The case came before the Luxembourg-based Court of Justice of the European Union (CJEU) after a German court sought guidance on what video platforms must do to combat film piracy in a case concerning German film distributor Constantin Film Verleih.
The company, which had distribution rights to the films Scary Movie 5 and Parker in Germany, had asked YouTube and Google to provide the email addresses, telephone numbers and IP addresses of users who had uploaded those films illegally onto YouTube in 2013 and 2014.
Constantin Film took its case to the German court after Alphabet subsidiaries Google and YouTube refused to supply the details.
The CJEU backed the U.S. tech companies.
“When a film is unlawfully uploaded onto an online platform, such as YouTube, the rights holder may, under the directive on the enforcement of intellectual property rights, require the operator to provide only the postal address of the user concerned, but not his or her email, IP address or telephone number,” judges said.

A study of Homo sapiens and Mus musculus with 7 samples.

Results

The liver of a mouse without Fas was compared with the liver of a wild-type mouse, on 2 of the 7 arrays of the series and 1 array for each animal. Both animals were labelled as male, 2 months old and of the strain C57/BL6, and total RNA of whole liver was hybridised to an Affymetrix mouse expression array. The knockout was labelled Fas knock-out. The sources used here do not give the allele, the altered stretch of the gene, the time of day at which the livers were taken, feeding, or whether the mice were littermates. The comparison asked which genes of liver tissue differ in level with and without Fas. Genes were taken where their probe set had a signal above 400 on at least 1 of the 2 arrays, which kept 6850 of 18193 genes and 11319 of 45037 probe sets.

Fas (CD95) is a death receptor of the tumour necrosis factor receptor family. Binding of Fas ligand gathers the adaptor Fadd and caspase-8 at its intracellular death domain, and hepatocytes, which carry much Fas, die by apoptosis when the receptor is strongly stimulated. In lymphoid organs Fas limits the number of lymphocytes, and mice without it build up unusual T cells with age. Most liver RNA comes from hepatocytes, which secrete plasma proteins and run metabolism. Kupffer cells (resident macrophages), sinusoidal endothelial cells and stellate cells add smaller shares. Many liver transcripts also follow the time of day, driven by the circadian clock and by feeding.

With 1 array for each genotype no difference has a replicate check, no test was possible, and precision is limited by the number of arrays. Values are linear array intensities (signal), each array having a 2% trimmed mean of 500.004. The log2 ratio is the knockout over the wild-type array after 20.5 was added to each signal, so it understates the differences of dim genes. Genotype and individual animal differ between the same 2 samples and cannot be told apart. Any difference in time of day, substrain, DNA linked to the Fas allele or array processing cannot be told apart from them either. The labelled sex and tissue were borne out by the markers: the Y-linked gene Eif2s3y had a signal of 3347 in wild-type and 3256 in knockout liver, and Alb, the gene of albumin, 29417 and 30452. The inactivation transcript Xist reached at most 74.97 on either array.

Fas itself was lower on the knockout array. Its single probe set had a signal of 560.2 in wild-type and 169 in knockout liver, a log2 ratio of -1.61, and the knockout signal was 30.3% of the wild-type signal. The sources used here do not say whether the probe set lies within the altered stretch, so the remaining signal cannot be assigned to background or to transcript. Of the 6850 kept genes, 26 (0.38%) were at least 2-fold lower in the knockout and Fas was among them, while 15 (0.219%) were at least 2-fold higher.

They said EU countries could opt for more protection for intellectual property rights holders but there must be a fair and proportionate balance between various fundamental rights.
A YouTube spokeswoman said Google and YouTube were committed to protecting copyright and safeguarding privacy of their users and their data.
“Today’s CJEU decision provides the legal clarity on what information is appropriate to share with rights holders in case of a copyright claim,” she said in an emailed statement.